A huge part of Donald Trump's surge to the top of the polls in the GOP nomination race is the perception that he's going to be tough on immigration. Exit polls from a number of states have shown that he's the favored candidate among voters who believe immigration is one of the most serious issues we face as a nation. But voters who think Trump will take a tough stand on immigration — legal, illegal, visas, and guestworkers — should consider his company's hiring track record.
Last year, Reuters and some local media outlets in South Florida reported that Trump's company has used more than 1,100 guest workers via the H-2B visa program, which is for seasonal, unskilled, non-agricultural jobs. And on Thursday, the New York Times published an investigative piece detailing how extensively Trump's signature Mar-a-Lago Club in South Florida has utilized guest workers.
I wrote an in-depth report on H-2Bs in 2010, and I interviewed many H-2B visa applicants as a Foreign Service officer. The H-2B program is more or less despised by both sides of the immigration debate. The human rights community considers the program legalized slavery, and those who advocate stricter immigration enforcement believe that H-2B workers contribute to unemployment and wage stagnation for U.S. workers. But the business community loves this program because it brings them cheap, reliable labor — people who can't quit or demand better working conditions.
Trump's company is certainly not alone in leaning on this program for guestworkers. And I'm sure his supporters will wonder why the media hasn't shown much interest in covering other companies that use and abuse the guest worker program. But when you put yourself out there as a guy who is going to champion American workers, as Trump has, you had better be prepared to defend your company's hiring practices. For his part, Trump has claimed, essentially, that it's hard to find good help these days, and that since this program is legal, there is nothing wrong. I suspect that very few voters will buy this argument.
I combed through the government databases detailing H-2B petitions and here are some observations regarding the Trump Organization's use of H-2B guest workers:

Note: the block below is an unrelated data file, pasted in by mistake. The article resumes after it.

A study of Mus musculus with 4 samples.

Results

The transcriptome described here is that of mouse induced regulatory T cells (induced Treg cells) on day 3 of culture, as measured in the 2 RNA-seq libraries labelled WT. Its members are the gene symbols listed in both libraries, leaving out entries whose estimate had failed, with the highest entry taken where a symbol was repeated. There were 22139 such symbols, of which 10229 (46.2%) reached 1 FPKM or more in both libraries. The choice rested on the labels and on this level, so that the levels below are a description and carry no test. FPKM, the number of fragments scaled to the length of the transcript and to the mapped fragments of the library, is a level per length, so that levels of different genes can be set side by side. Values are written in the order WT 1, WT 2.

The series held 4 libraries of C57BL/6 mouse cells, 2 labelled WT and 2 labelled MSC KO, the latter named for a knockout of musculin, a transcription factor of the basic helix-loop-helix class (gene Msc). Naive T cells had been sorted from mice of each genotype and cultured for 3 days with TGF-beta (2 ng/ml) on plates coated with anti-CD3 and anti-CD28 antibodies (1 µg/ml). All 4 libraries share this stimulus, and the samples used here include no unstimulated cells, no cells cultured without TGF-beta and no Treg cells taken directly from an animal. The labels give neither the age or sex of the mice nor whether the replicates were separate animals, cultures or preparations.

- In petitioning for workers, employers are supposed to prove that their hiring need is "seasonal" and "temporary", yet Trump's Mar-a-Lago Club has sought to import guest workers year after year, including right now. (Their most recent petition was filed in July 2015 and the workers are on contract at the resort until May 31, 2016.)
- Trump maintained at the debate on Thursday night that the jobs he had filled with guest workers were hard to fill because they were only for 90 or 120 days. But in fact, the duration of the petitions was never just three months. The work period for Mar-a-Lago's guest workers, according to the petitions, is nearly always October 1 to May 31, which is 8 months. On other occasions, his company petitioned for even longer periods. For example, in 2009, the Trump National Golf Club petitioned for guest workers for the period January 26 through November 20.
- I note that even during the height of the recession, this and other Trump properties were petitioning for workers.
- In 2009, again, during the height of the recession, the Trump Organization used an H-2B broker called Más Labor to import workers. Más Labor extols the benefits of Mexican workers on their website, which allows employers to add guest workers to their online shopping carts. "You'll never wonder if your workers are going to show up on Monday morning and make it through a full work week," it reads. "MAS H2 workers are dedicated to their families, their work and their employers. They'll be there, ready to work hard for you. ... The only thing an H2 worker can do legally in the U.S. is work for their specified employer. ... For Mexican workers, seven to nine dollars an hour is about ten times what could be earned in most jobs at home."
- Más Labor is run by Elizabeth Whitley, a former congressional aide who is on the board of Save our Small Businesses, a leading advocacy group that lobbies Congress for guest workers. As I reported in 2010, it is essentially a consortium of medium and large businesses that rely heavily on guest workers masquerading as a group of small businesspeople. (Trump's companies also relied heavily on another individual based in Ithaca, N.Y., Peter Petrina.)
- Based on the databases, it looks like the Trump Organization often pays workers exactly whatever the Department of Labor sets as the prevailing wage for that type of job and not a penny more. So, for example, in 2010 housekeepers at Mar-a-Lago got $7.44, but right now they get $10.07 as the prevailing wage has gone up.
- Many employers use shell companies and what we used to call "body shops", which are brokers who petition for workers and then parcel them off to companies that need them. This means that the Trump Organization's use of seasonal guest workers could be even more significant than what we see in the databases.